I had the great pleasure of spending two days at Warren Township High School in Gurnee, Illinois these past few days. At Warren, there are about 30 teachers who have implemented the flipped classroom. I was there with a film crew from the Korean Broadcasting System while they were filming a documentary on the Flipped Classroom. They wanted to follow me as I worked with a school and I came out of these two days invigorated, motivated, moved, and also quite exhausted.
The Assistant Principal, Chris Geocaris, arranged it so that we could visit eight or nine different classes that have flipped, two sessions where we chatted with a student panel, and one session with teachers who have flipped. All of this was captured on film and I look forward to seeing what becomes of this project.
This probably could be several blog posts, but I wanted to share with you a few of the highlights of my visit.
I observed kids learning in groups, interacting with each other, interacting with their teachers, and just learning. I saw a Spanish teacher give students choice in how they wanted to learn some key concepts. Some chose to play a game, others chose to work on vocabulary, others spoke to each other. I observed a math class where the students were able to get help on difficult concepts. I sat in on several science classrooms where students were not only doing a lab, but understood what they were doing. And I really enjoyed the Sports-Medicine class where students were actively manipulating each other’s legs to simulate things you would do with an injured athlete.
Overall, I saw kids involved and learning. They were not sitting and getting, but instead, were active participants in their learning.
The last event of the two days was a chance for me to sit down and ask questions of nine of the teachers who have implemented Flipped Learning. What I most appreciated about these teachers (besides the fact that they stayed way after school) was how they overwhelmingly see this as a way to interact more deeply with their students. They felt they knew their students better than ever before. When I asked them if they could ever go back there was an explosion of NO’s. One teacher described how she was a reluctant flipper. In fact, she had even ridiculed another teacher who had flipped several years before her. Today, however, she is one of the school’s most prominent voices promoting flipped learning.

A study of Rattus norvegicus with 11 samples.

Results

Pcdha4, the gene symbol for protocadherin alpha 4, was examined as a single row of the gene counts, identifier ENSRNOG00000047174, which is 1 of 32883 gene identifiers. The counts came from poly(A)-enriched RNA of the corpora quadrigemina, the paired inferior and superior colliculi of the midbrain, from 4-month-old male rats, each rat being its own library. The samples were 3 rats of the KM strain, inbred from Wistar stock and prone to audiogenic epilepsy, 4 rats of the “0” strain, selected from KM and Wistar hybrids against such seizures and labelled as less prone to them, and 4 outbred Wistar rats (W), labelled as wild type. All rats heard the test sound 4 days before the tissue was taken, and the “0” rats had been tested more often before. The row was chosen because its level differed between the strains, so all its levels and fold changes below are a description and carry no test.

The highlight for me was simply chatting with kids about their experiences in a flipped classroom. During the first student panel I had a group of 9th graders who by and large had not been successful in previous classes. Each of them told me how they used to get D’s in classes and now they have B’s and A’s. As they told me this, I could tell that they are taking more ownership for their learning and are interested in school. I think this is one of the most powerful effects of the flipped class. When students gain confidence in their own learning, they are able to achieve so much more.
I was especially moved by two young ladies I talked to while they were in their science class. They told me that they had not been very good at school before. I then asked them if they felt the flipped class had changed their lives. They said: “I now want to go to college.” I then asked them what they wanted to become when they grew up. And they said: “We want to become teachers so that we can help kids like us who haven’t been successful in school.” They told me how their teacher really cared about them, inspired them to believe in themselves and convinced them they could do anything they put their mind to.
I know many of you flipped class teachers have similar stories. I would enjoy hearing your perspective about the flipped class. Do you have a story like this? Please share it with me, I would love to hear it.